Fromseier Hockings, the final visiting act confirmed for this year's Shetland Folk Festival.

A DANISH husband and wife duo has been added to this year’s Shetland Folk Festival alongside a veritable smorgasbord of local artists.

Roots group Fromseier Hockings are the final visiting act to be confirmed for the annual event, which this year takes place between 28 April and 1 May.

Around 50 local acts will provide support at the festival’s gigs across the isles.

On the bill are the likes of local favourites Haltadans, Vair, Veev, Arthur Nicholson and Kansa.

A one-off, as-yet-unnamed supergroup will also perform at Lerwick’s Clickimin Centre on the Friday at a gig dubbed “Scots On Da Rock”.

The band will feature members from acts such as First Foot Soldiers, Bongshang and Hom Bru and joining them on the bill will be Talisk, Elephant Sessions and Manran.

While the specific concert details haven’t been revealed yet, events will be taking place in Tingwall, Whiteness and Weisdale, Cunningsburgh, Sandwick, Walls, Voe, Sullom, Burravoe and Baltasound.

Lerwick will host gigs at Clickimin, Mareel, Islesburgh Community Centre and the Shetland Hotel.

A standing gig designed for children called Peerie Spang will take also place at Mareel on the Sunday afternoon.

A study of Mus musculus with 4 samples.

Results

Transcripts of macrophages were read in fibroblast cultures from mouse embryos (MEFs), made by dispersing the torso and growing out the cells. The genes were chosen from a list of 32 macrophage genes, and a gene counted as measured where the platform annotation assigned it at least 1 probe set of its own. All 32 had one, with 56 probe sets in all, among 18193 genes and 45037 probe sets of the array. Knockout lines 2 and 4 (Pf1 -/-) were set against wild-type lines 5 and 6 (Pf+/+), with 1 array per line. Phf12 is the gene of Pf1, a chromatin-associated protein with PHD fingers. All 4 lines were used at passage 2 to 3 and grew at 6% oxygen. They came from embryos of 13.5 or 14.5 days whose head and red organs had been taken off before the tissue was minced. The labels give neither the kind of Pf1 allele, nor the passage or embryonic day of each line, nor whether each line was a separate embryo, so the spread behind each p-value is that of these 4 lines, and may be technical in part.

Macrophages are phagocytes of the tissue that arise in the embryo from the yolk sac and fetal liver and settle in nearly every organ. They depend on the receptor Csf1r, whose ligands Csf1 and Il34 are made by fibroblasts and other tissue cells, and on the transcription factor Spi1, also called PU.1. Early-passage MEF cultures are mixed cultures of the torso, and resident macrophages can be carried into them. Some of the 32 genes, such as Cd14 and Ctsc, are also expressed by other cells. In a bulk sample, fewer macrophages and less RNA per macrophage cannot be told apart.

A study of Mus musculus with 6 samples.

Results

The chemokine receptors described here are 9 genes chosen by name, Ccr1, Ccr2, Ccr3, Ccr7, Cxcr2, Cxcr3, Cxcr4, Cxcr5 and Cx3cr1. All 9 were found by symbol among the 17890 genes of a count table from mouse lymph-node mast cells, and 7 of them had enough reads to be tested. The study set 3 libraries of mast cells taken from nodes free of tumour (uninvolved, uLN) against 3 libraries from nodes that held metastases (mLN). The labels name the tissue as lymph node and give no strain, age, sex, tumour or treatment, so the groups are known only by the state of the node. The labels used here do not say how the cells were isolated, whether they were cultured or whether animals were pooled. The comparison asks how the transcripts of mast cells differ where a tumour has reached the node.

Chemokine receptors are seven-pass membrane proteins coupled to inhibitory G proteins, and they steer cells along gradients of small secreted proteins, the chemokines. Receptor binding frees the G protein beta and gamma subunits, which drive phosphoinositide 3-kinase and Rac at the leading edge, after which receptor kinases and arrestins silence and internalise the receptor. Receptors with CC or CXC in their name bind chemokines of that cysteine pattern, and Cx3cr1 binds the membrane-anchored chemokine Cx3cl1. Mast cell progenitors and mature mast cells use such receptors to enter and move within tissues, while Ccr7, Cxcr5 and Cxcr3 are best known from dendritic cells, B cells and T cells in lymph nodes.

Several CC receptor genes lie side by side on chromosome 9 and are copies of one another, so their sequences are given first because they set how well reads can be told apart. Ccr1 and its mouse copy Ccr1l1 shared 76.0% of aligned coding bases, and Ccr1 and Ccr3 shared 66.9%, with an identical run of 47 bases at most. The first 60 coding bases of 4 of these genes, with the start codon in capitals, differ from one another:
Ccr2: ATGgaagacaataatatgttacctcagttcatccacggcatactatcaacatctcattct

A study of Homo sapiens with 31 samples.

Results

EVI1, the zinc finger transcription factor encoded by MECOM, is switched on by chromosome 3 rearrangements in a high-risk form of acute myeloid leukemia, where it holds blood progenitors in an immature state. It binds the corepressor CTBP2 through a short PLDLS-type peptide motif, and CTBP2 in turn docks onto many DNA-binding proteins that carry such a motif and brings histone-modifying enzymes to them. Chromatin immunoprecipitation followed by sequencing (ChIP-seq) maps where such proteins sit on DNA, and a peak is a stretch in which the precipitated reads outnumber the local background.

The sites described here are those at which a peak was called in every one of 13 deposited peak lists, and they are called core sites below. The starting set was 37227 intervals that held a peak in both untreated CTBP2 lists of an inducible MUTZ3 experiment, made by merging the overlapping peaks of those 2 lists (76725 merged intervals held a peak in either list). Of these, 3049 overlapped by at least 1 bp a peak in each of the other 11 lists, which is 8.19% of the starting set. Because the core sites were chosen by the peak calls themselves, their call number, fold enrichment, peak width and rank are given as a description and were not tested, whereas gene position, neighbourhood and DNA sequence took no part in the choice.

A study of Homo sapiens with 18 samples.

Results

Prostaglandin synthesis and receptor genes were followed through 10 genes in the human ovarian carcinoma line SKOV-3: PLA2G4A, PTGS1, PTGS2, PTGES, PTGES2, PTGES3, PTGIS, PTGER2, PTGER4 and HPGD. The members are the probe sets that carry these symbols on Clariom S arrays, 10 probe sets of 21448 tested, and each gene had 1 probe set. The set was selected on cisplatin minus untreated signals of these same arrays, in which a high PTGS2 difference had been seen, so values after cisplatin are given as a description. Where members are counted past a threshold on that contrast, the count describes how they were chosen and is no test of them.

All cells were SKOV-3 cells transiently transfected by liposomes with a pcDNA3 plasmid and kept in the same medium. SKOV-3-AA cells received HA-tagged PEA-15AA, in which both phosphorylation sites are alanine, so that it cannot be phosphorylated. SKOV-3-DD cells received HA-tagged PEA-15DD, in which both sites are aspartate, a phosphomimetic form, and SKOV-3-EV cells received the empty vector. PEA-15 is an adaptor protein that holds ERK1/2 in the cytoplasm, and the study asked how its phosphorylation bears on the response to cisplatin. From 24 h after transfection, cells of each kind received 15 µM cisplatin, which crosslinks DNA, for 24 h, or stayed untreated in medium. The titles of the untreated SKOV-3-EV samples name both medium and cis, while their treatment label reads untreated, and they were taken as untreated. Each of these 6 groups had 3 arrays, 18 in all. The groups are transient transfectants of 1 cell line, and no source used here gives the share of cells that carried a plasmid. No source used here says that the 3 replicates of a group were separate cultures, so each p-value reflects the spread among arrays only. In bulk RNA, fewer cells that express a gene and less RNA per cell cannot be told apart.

In January the festival announced its line-up of visiting acts, with a native group from the Mongolian border and five acts from North America on the bill.

Early memberships are available online until 29 February, with tickets going out to members from 21 March – two weeks before the public sale.

Meanwhile, the festival has been granted £12,000 from Creative Scotland for this year’s event.

It is one of 129 Scottish projects benefiting from the national arts agency’s £2.77 million pot of “open project funding”.

The grant is an increase of £2,500 from the amount it was given in 2015 by the national body.

“Without Creative Scotland investment and support from the many local sponsors we attract, our festival would have to operate in a completely different manner,” committee member Mhari Pottinger said.

“We are focused on bringing some of the best music in the world to the even the remotest communities, one of the many measures we take to try to make our cultural offering as accessible as possible. Support like this from a national agency gives our volunteer committee a tremendous boost.”

Shetland Charitable Trust also provides cash towards the festival, but its previous £18,000-a-year funding is gradually being phased out through to 2020 as part of a wide-reaching spending cut.

This year the grant is £13,500 and that will be reduced by £4,500 a year for the following three years.